By Agence France-Presse
Thursday, May 26, 2011 8:43 EDT

The move by the State Department came amid calls for Yemeni President Ali Abdullah Saleh to step down and as fierce fighting between security forces and dissident tribesmen forced the closure of the airport in Sanaa.

“The Department of State has ordered all eligible family members of US government employees as well as certain non-emergency personnel to depart Yemen,” it said in a travel warning.

It warned Americans “of the high security threat level in Yemen due to terrorist activities and civil unrest.

“The Department urges US citizens not to travel to Yemen. US citizens currently in Yemen should depart while commercial transportation is available,” it said.

International calls for Saleh to quit mounted on Wednesday.

President Barack Obama earlier Wednesday repeated his call for Saleh to step aside as pitched battles were fought between tribal groups and security forces in Sanaa.

“We call upon President Saleh to move immediately on his commitment to transfer power,” Obama said at a joint press conference with British Prime Minister David Cameron in London.

The State Department said the threats to security were also due to activities of terrorist groups including Al Qaeda in the Arabian Peninsula (AQAP), suspected of plotting and attemping to carrying out attacks on US soil.

“The US government remains concerned about possible attacks against US citizens, facilities, businesses, and perceived U.S. and Western interests,” said the statement.

Saleh, who has been in power for 33 years, has since January faced protests calling for his departure from power, and recently refused to sign a Gulf Cooperation Council-sponsored accord that would have seen him cede power in exchange for immunity from prosecution.

In addition to months of anti-regime protests, the Al-Qaeda resurgence and now tribal battles with security forces, Yemen faces a southern secessionist movement and is battling a northern rebellion.
“We call upon President Saleh to move immediately on his commitment to transfer power,” US President Barack Obama said at a joint press conference with British Prime Minister David Cameron in London.

Germany’s foreign ministry spokesman Andreas Peschke echoed Obama’s calls urging Saleh to accept a Gulf-brokered exit plan.

“We call on President Saleh not to seek to wait out the situation, and to seriously consider and accept the mediation offer made by the Gulf Cooperation Council,” Peschke said.

UN Secretary General Ban Ki-moon said he was “deeply troubled” by the violence and and called on all sides to find a peaceful solution.

Ban “is deeply troubled by the violent clashes in the centre of Sanaa between the security forces of the government and armed tribesmen that have left many people dead and wounded,” his spokesman Martin Nesirky said.

Nesirky said Ban “is concerned that this confrontation might further destabilise the situation and calls for an immediate end to the fighting”.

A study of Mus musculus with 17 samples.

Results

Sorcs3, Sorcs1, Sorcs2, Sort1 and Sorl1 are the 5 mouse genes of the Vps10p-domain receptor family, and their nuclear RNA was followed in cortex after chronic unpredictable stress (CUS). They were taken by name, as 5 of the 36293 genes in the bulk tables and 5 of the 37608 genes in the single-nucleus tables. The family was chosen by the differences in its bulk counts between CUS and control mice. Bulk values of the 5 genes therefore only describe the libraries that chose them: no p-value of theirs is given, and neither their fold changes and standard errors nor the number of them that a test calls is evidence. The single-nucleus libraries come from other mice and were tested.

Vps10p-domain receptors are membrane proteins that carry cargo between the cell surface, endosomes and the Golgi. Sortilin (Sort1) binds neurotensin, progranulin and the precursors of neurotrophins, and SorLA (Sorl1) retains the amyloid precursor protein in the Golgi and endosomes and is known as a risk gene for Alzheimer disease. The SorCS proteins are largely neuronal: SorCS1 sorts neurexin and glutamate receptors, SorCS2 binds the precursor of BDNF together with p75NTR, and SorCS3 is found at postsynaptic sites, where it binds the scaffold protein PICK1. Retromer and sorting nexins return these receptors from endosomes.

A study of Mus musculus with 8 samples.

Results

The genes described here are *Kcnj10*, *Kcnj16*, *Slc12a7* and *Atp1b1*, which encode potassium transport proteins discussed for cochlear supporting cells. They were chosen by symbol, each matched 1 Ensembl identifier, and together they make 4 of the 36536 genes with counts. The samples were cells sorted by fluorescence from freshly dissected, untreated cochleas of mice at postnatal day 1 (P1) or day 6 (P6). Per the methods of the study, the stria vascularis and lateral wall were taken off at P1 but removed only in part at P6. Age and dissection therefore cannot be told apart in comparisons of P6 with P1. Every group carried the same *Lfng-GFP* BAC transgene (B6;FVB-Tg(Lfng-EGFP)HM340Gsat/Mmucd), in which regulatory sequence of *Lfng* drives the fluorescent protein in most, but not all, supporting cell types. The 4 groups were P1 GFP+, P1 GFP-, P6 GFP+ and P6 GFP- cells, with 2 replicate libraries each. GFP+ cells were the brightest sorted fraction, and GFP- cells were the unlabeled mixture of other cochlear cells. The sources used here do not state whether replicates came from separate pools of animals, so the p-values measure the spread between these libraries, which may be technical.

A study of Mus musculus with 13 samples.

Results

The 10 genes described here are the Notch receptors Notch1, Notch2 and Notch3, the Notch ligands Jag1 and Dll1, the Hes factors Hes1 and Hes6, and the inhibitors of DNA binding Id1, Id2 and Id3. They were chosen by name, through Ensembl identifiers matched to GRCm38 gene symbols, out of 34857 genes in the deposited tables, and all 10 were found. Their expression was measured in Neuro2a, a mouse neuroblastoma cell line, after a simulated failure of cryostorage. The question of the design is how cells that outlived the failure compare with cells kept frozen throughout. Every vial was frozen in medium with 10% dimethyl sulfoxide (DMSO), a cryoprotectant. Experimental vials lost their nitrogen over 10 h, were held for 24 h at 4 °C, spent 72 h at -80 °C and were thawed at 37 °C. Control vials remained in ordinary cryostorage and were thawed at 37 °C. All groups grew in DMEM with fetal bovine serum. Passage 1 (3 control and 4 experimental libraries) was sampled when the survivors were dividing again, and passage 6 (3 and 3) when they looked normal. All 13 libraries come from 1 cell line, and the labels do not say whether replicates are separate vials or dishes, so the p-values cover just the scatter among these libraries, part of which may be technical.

Heavy clashes between dissident tribesmen and elite Republican Guard troops triggered the closure of Sanaa airport, aviation and tribal sources said.

The clashes pitted clansmen of the Arhab tribe of hardline cleric Abdul Majid al-Zindani, who faces US sanctions as a “terrorism financier,” against Republican Guard troops under the command of Saleh’s son Ahmed.

The ancestral homeland of Al-Qaeda leader Osama bin Laden, Yemen has been seen as a key partner in the US “war on terror” but in recent days Washington has stepped up its pressure for a negotiated depature from office for Saleh, in power since 1978.

Fighting also raged between security forces and armed civilians loyal to dissident tribal chief Sheikh Sadiq al-Ahmar despitemediation efforts by impoverished Yemen’s wealthy Gulf Arab neighbours.
Sheikh al-Ahmar, who heads the powerful Hashid tribal federation, fled from his home in the Al-Hasaba neighbourhood of north Sanaa after it came under missile attack, tribal sources said.
Three days of fighting have killed more than 44 people in the Yemeni capital, according to an AFP tally based on reports by medics, the government and tribesmen.

As the fighting raged, armed tribesmen from Amran, 50 kilometres (30 miles) north of Sanaa, headed towards the capital to join the battle against Saleh’s forces, a tribal source told AFP.

Tribesmen had occupied the offices of the state news agency Saba and national airline Yemenia. They also tried to storm the interior ministry headquarters, witnesses and a high-ranking Yemeni official said.

The latest clashes came despite an appeal by Saleh late on Tuesday for supporters of the dissident tribal leader to “cease their aggression on security forces.”

Clashes between security forces and Sheikh al-Ahmar’s followers broke out on Monday after Saleh refused to sign a deal with the opposition sponsored by the six-nation Gulf Cooperation Council that would see him leave office within 30 days in return for a promise of immunity from prosecution.

The sheikh pledged his support in March to protesters who have been seeking to topple Saleh since late January.

One of the 10 sons of Sheikh Abdullah al-Ahmar, who was Saleh’s main ally until his death, Ahmar is capable of rallying thousands of armed supporters, tribal sources say.

Tribal loyalties run deep in Yemen, the Arab world’s poorest country, which has an estimated 60 million firearms in private hands, roughly three for every citizen.

Agence France-Presse
Agence France-Presse
AFP journalists cover wars, conflicts, politics, science, health, the environment, technology, fashion, entertainment, the offbeat, sports and a whole lot more in text, photographs, video, graphics and online.